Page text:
Many people are alarmed at how daring I was with my stomach. In six months of traveling through Southeast Asia, I only had one tiny bout of queasiness over a couple of days on Sumatra in Indonesia. I must have found perfect balance of common sense and adventure, or, some might argue, I was just lucky.
I don't recommend trying everything, and I do recommend a few common sense tips for sampling full range of food on offer throughout your travels: * at street and market stalls, do watch cooking for awhile to ensure that ingredients are fresh and food is being cooked thoroughly; if you have any doubts, move on to next vendor * choose vendors that have a good steady flow of customers - not only is food probably very good, but turnover means fresher food * ask your guesthouse host and any other residents you meet for their favourite places to eat, and for recommendations on dishes to order * follow other safe eating tips you find in travel guides, like recommendations about water, ice cubes, and peeling fruit and vegetables
Of course, you will find an endless selection of sit-down restaurants where you can savour some of more familiar Thai dishes now found in restaurants around world: green curry with chicken, red curry with beef, pad Thai and other noodle dishes, and wonderfully aromatic sweet basil dishes.
Whether you plan to sample fabulous foods from street vendors and markets or stick to what you know, learn a few tips on deciphering a menu or asking for a type of dish with a few Thai Food Terms.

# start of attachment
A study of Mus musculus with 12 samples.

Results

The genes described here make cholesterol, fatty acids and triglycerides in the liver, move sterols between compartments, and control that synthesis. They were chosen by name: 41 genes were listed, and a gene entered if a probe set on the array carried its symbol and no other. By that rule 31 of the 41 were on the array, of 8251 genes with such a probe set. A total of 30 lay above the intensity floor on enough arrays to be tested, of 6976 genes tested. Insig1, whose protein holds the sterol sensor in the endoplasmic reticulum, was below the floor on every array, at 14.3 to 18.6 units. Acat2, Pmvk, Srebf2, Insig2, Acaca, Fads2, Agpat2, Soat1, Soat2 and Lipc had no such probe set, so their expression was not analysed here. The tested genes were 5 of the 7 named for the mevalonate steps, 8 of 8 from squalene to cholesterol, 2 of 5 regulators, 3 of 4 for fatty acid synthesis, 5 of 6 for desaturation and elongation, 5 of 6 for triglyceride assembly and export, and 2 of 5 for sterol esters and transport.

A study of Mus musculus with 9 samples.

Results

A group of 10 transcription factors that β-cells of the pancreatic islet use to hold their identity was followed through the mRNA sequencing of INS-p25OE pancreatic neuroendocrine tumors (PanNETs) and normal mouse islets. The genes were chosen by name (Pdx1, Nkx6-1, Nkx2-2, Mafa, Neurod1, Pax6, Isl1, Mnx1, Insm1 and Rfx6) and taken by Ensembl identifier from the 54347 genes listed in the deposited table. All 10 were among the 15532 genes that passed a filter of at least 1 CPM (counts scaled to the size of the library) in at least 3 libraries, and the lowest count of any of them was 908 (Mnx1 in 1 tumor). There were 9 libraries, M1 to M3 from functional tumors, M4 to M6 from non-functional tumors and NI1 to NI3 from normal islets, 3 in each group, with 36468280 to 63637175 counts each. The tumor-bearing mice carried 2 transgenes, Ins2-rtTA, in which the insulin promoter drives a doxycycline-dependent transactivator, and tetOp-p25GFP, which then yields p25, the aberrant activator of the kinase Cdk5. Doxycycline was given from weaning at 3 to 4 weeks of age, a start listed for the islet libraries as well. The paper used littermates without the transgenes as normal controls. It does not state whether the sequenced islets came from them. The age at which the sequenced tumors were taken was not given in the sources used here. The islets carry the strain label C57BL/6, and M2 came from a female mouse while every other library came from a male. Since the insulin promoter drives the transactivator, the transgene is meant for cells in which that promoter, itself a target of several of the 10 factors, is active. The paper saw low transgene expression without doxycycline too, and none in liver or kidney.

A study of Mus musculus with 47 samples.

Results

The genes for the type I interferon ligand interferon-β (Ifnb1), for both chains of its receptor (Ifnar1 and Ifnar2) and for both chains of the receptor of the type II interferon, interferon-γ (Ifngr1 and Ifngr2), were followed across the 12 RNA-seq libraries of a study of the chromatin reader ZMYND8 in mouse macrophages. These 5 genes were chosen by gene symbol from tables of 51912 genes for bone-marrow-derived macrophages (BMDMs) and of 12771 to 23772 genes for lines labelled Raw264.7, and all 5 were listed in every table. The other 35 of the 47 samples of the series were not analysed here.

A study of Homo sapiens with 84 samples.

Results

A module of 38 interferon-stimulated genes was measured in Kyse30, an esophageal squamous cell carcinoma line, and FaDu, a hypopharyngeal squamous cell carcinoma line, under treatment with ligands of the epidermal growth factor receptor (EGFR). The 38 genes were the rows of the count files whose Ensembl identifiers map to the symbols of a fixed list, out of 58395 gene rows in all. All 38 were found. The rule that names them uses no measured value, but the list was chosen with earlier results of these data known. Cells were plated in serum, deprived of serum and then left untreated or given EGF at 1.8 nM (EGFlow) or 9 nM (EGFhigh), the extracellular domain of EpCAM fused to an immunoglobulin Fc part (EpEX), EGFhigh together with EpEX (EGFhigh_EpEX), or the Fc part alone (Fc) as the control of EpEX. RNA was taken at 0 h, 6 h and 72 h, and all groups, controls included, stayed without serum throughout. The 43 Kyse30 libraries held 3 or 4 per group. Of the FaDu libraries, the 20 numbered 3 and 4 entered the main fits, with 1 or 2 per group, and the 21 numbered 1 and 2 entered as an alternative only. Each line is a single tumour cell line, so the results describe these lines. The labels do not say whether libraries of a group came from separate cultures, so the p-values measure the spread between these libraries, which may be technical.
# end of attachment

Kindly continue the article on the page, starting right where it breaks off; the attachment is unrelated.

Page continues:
Many supermarkets are now carrying a range of prepared sauces, curries and other Asian products, but if you enjoy adventure and creativity in your own kitchen, many Thai recipes are fairly easy to create once you've mastered a few essentials. Gai Yang, after all, is really just barbequed chicken with a Thai twist! A good food reference guide or cookbook with a glossary of Asian ingredients will help you gain that perfect balance of sour, sweet, salt and heat that is unique to Thai cuisine.
© 2005 recipe-for-travel.com
Carolyn Nantais is a freelance writer, website copywriter, world traveler and culinary xenophile who indulges in temporary retirement from time to time to travel and eat around the world. Her new website, The Recipe for Travel, has stories, recipes and practical information gathered through adventures in round-the-world travel and food.